Facetiousness and Freud


Once and future

It’s been a while.  I remembered White’s exuberant gallimaufry, of course, from the schoolboyish facetiousness of The Sword in the Stone to the genuine horrors of The Queen of Air and Darkness. The impact came fresh again as I followed Arthur and Lancelot to their doom.  It’s difficult to encapsulate the quartet, with its 1930s politics, tragic storyline, outbreaks of whimsy and snippets of arcane information, but I found myself marking a few treats.

  • Pure observation:  the ‘passion for nocturnal secrecy’ felt by the Wart in his night forest
  • Phrase-turning:  totalitarian regimes summed up for all time in the ant colony slogan, ‘Everything not forbidden is compulsory’
  • Creating nightmare:  the boiled cat
  • Low and unexpected comedy:  the gentlemanly Sir Ector restoring his dampened spirits by frightening an old lady
  • Vocabulary: ‘atrabilious hawk-masters’ and their bating falcons  entangling creances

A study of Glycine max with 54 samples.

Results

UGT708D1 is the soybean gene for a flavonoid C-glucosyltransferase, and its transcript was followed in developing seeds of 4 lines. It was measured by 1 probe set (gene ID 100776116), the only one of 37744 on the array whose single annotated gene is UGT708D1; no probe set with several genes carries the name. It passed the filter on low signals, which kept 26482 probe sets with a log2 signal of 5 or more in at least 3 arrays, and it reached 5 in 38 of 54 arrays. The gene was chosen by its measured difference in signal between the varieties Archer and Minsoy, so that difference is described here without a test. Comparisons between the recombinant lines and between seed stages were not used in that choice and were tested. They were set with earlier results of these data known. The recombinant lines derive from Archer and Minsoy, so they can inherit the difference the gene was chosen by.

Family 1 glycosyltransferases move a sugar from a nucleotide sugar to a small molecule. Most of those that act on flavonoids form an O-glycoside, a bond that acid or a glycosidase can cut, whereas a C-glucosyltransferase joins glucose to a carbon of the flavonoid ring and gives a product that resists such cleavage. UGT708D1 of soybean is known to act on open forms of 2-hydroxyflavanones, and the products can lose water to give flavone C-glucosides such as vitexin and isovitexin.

• Saying things without saying them:  the capture of the unicorn
  • Imagery:  the great gibbet at Montfaucon ‘which could support sixty bodies, depending like drab fuchsias’

My copy is now dim and crumbling, but will survive another reading or two.


7 responses »

  1. Your had me revisiting my bookshelf to flick through my tatty old hardback edition there, Mrs Potter. It must have been about 1975 when I read that book.
    Cheers, Alen

  2. I love this book. You make me want to read it again. Have you also read ‘Mistress Masham’s Repose’? It was new to me when I read it a couple years ago, but I enjoyed it as much as my kids did.